I’ll be speaking about the shift that HR needs to make from Stage 1 to Stage 2, which is a substantial change. In Stage 1, HR is really about minimizing administrative distractions that get in the way of doing work. In Stage 2, HR plays a central role because talent is the key to success in this stage.
When I think about HR in Second Stage companies, I’m reminded of Jerry Maguire telling his client, “Help me help you…Help me help you.” Picture the staff of your business saying that to you, asking you for the kinds of strategic HR programs that make working at your company engaging, productive, and rewarding.
But many Second Stage companies don’t have those kinds of programs, because they are struggling to make HR more strategic.
Let’s look in more detail at the shift that happens as a company develops.
Stage 1: time horizon – this year
Stage 2: time horizon – 2-3 years
A big part of the complexity in Second Stage companies comes from the need for the business to have a longer time horizon. In HR, that longer horizon means that personal development plans need to be developed – and then coordinated across the company…and with the company’s strategy and development itself. That’s much more complicated than the “get the job done” focus of Stage 1.
Stage 1: define responsibilities
Stage 2: define competencies
We like to say that Stage 1 is like beach volleyball – success comes from reacting quickly and going wherever the play is. By the “end” of Stage 1, there is some consistency developing, and so the business starts to define responsibilities. As a business enters Stage 2, each role gets more defined, and as a result each position has its own set of needs. At that point, the business needs to define the competencies needed for each position to be effective.
Stage 1: feedback focused on assessment
Stage 2: feedback focused on development
Just about every Stage 1 company I know struggles with simply doing performance reviews – the evolution they are working on is providing assessment feedback. The assessment framework is usually established by the time the company is a “young Stage 2,” and after that, the evolution that the business needs to make is the context of that assessment – the employee’s development plan.
Second Stage companies need to shift their approach to HR to get the most out of their people – and give the most to their people.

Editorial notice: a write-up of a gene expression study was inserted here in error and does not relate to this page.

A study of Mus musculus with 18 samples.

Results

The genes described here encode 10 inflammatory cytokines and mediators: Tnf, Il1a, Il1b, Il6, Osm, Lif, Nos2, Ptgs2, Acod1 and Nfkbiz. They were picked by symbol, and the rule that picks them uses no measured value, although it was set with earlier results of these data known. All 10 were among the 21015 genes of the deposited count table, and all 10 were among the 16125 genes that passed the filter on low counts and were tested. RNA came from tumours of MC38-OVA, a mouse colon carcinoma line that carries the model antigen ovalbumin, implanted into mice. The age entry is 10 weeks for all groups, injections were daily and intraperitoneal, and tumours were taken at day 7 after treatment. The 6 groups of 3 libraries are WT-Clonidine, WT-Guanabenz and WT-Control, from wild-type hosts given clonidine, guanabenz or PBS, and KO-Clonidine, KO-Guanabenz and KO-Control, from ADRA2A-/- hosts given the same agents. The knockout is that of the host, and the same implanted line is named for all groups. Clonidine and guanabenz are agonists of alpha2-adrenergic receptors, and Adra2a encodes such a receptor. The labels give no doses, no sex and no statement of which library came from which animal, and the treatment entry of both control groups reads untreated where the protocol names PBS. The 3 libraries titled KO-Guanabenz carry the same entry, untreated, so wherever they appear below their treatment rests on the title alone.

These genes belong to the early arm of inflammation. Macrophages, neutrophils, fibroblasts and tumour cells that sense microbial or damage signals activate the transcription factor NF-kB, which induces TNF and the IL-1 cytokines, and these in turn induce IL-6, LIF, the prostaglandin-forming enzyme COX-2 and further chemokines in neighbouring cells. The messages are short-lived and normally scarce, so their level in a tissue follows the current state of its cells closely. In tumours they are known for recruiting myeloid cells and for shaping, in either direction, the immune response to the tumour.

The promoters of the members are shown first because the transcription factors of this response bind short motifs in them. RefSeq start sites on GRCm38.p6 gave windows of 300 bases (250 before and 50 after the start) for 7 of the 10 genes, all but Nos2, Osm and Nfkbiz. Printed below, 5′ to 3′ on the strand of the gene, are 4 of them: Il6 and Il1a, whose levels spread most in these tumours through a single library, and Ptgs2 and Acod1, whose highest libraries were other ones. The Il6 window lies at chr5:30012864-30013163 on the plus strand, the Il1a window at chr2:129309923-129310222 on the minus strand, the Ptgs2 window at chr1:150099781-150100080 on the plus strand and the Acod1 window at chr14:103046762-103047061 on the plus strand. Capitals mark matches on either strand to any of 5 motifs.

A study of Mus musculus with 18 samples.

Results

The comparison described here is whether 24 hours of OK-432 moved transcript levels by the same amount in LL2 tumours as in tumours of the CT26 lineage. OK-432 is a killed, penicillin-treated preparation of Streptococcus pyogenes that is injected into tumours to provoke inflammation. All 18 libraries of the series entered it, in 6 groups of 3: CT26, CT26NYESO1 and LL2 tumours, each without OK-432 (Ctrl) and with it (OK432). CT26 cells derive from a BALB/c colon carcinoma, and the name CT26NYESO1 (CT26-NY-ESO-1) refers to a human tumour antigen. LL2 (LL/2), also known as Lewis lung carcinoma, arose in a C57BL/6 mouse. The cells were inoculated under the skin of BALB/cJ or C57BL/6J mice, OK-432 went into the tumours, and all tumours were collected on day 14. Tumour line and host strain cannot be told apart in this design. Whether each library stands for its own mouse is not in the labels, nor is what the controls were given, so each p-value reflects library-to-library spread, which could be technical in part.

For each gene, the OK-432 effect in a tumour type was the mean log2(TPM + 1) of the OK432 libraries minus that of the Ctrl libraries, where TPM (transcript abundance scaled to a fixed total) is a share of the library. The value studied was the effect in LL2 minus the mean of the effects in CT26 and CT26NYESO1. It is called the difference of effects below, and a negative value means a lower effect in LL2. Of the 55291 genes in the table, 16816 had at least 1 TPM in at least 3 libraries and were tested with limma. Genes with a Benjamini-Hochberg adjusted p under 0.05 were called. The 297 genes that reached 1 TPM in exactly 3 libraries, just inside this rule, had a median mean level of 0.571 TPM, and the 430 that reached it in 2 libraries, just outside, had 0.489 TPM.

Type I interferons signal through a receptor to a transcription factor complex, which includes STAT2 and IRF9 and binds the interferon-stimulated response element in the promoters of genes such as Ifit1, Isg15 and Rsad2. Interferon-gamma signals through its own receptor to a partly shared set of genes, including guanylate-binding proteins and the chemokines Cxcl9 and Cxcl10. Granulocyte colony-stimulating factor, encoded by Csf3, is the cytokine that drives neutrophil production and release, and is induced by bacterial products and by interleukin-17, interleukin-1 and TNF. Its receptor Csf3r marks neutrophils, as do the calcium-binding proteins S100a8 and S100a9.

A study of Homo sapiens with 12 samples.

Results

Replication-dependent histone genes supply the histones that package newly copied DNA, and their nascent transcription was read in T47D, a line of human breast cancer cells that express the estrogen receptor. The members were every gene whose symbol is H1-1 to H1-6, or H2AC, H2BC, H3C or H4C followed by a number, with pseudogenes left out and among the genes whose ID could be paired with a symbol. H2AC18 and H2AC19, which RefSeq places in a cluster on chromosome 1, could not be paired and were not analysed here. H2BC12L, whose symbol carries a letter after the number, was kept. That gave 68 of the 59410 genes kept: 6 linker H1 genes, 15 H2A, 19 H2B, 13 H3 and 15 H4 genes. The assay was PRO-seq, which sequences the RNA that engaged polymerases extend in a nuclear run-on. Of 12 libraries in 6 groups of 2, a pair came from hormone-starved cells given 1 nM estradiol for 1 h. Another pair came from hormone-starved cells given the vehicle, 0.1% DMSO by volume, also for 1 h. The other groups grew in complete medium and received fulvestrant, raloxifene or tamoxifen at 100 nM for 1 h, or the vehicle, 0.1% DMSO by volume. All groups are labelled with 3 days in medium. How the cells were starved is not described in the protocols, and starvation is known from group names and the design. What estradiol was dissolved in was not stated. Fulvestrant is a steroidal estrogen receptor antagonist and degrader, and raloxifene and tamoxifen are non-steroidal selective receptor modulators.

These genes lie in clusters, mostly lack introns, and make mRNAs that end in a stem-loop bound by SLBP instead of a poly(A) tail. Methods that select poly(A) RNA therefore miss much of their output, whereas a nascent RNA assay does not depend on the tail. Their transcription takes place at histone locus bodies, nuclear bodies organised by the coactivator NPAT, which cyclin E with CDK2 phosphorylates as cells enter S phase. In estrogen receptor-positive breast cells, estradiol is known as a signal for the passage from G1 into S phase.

I’ll get into more detail about these ideas at Walsh’s HR Summit on March 10th. You can also read more about how my clients are handling Talent Management issues in my past blog posts on quarterly issues, and I have an article on the subject on our Resources page.
I know you Stage 2 leaders are impressive people – you’re strong, passionate, positive, and growing all the time. Your skills and experiences are at the heart of your business’ success, and you have a drive to see your vision through and play a positive role in the community.
In Stage 2, though, your impact comes from getting the most out of your organization, not just getting the most out of yourself. That new, broader challenge needs a different set of tools.
Two recent conversations I had with Stage 2 leaders highlight the change.
Statement #1, by the founder of a 20-year, 100-person company: “We have been a great company because any time someone saw an opportunity, they went for it. People made this company great, and we cannot do anything to hold people back. For us to get to the next stage, we need to let people loose more.”
Statement #2, by the founder of a 10-year, 30-person company: “We need to be more efficient. We got through our first growth spurt by putting in processes, and now we need more, and we need to enforce them more.”
What do these founders actually need? To trade jobs, so they can help each other out!
To get the most out of a Second Stage company, a leader needs to use 5 different productivity tools – people, process, structure, measurement, and compensation. Most leaders are good at 2-3 of those…and are uncomfortable with the other 2-3.
The founder who made Statement #1 focuses on people and needs more process; the founder who made Statement #2 focuses on process and needs to do a better job selecting and developing people.
They both run successful businesses, but they would see their company’s results skyrocket if they used all the productivity tools that are available.
Want to know what to do about your productivity blindspots? Join me for a free 1-hour teleseminar this Friday, February 11th at 12:30pm to find out. We’ll go into depth on each of the 5 tools with case studies and specific tips to make your company’s productivity jump. Space is limited, so register today.